A Nose for Sustainability

Genetic engineering has yielded a sustainable, non-toxic e-nose sensor, and it's far more responsive than existing technologies.

Nick Bild
1 year ago β€’ Sensors
Fabrication process for sensor (πŸ“·: Lekbach et al.)

Electronic noses, also known as e-noses, are devices that mimic the olfactory system of humans and animals. These devices are designed to detect and identify complex molecules, similar to how the human nose detects and distinguishes these molecules to recognize scents. E-noses are typically made up of a combination of sensors, software, and artificial intelligence algorithms that work together to analyze and classify odors.

E-noses have a wide range of applications in various industries, including healthcare, food and beverage, and agriculture. Volatile organic compounds in the breath serve as indicators of conditions such as kidney disease and asthma. In the food and beverage industry, e-noses are used to analyze the aroma of products such as wine, coffee, and cheese to ensure consistency in quality and to detect any potential contamination. E-noses can also be used in agriculture to detect pests and diseases in crops, helping farmers take proactive measures to prevent crop damage.

To fabricate tiny sensors that are highly performant, researchers have been turning more and more to nanowire-based technologies. By attaching specific functional groups to the ends of the nanowires, it is possible to create sensors that bind very tightly to a molecule of interest. While this approach works very well, fabrication of these components poses many challenges and comes with a number of risks, as well.

The chemical processes traditionally used to attach functional groups to nanowires are complex, which makes it difficult to make these connections at scale. Moreover, synthetic nanowire fabrication, whether the are silicon nanowires or carbon nanotubes, require the use of highly toxic chemicals that raise serious sustainability concerns. As if that were not bad enough, carbon nanotubes are also toxic and carcinogenic.

Sure, accurate e-noses can do a lot of good, but considering the negative impacts of the fabrication process and the nanotubes themselves, are they doing more harm than good? We may not need to ask that question in the future, thanks to the work of researchers at the University of Massachusetts Amherst. They have developed a process to create non-toxic, electrically conductive nanowires. They also demonstrated that they can attach proteins to these nanowires that are able to bind molecules with a high level of specificity.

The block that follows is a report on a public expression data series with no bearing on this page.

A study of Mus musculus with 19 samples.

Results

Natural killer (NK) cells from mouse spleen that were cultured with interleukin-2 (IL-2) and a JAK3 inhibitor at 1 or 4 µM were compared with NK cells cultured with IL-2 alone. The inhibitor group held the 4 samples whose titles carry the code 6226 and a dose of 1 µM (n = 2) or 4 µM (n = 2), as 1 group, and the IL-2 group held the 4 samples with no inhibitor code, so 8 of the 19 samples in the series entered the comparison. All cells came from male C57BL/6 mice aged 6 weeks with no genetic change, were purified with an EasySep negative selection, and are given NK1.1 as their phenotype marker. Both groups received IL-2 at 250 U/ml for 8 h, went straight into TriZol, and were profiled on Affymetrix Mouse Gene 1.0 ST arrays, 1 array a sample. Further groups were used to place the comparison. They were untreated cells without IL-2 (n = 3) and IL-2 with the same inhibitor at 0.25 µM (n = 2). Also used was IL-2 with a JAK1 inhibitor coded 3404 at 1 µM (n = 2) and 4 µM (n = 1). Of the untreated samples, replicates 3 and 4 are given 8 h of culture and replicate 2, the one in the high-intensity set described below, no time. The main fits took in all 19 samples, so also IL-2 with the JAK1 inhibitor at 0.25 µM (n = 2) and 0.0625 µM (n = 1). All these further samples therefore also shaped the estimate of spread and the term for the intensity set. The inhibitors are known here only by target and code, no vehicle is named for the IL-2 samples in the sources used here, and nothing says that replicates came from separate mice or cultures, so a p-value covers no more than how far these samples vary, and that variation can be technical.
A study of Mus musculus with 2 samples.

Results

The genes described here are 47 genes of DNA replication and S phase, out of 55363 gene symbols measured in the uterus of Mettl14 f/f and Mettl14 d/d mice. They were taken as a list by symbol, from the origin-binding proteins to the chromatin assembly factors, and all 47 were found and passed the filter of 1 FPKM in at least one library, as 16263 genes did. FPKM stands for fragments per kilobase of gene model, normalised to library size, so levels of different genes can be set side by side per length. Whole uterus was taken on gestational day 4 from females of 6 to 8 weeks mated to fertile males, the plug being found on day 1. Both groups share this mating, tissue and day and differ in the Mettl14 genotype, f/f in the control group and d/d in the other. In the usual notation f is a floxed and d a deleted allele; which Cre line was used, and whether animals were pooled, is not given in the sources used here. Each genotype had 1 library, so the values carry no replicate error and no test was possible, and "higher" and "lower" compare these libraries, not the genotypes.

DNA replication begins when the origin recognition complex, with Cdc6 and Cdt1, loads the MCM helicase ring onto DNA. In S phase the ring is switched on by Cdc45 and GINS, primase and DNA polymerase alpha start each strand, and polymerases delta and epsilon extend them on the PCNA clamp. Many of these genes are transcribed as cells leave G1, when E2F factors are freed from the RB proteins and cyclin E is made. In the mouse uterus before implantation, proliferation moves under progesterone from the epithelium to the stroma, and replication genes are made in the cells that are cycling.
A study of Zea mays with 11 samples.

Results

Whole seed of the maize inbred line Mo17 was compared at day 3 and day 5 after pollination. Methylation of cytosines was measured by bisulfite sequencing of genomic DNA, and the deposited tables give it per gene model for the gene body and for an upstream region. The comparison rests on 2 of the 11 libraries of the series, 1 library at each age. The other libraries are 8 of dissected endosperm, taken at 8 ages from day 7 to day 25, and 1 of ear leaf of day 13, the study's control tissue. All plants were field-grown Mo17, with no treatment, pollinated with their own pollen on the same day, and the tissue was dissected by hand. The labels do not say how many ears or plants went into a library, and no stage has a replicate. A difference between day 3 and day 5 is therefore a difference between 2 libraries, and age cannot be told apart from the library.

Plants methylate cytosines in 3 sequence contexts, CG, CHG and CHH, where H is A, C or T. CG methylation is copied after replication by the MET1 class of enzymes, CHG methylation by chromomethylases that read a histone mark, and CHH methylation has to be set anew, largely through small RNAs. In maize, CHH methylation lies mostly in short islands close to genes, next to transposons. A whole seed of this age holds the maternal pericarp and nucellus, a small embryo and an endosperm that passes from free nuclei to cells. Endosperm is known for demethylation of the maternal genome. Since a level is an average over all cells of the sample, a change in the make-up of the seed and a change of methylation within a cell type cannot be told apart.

Rather than rely on an artificial process, the team leveraged the pilin-based protein nanowires that are naturally produced by a bacteria called Geobacter sulfurreducens. These nanowires have a diameter of three nanometers and are naturally conductive. This might be the perfect solution, except G. sulfurreducens needs very specific conditions to thrive, and is very difficult to grow in culture. o create a more robust platform, the researchers spliced the pilin gene into the genome of Escherichia coli, the most widespread bacteria in the world.

This only left the problem of attaching functional groups to the nanowires to bind molecules of interest. Since they were already splicing DNA into the E. coli genome, they decided that the best approach was to modify the inserted DNA to also encode a protein to serve as the functional group. By going in this direction, they were able to turn the bacterial cells into tiny factories by co-opting their normal protein synthesis machinery to produce exactly what they needed.

The genetically modified nanowires were built into sensors and put to the test in a series of validation experiments. It was found that they were 100 times more responsive to ammonia than other current approaches. Another sensor was created to detect acetic acid, and this was found to be four times more responsive than traditional methods.

These tests look like they were just the beginning. The researchers note that their methods could be used to recognize hundreds of different chemicals. Such a device could have a huge impact in healthcare and beyond.

Nick Bild
R&D, creativity, and building the next big thing you never knew you wanted are my specialties.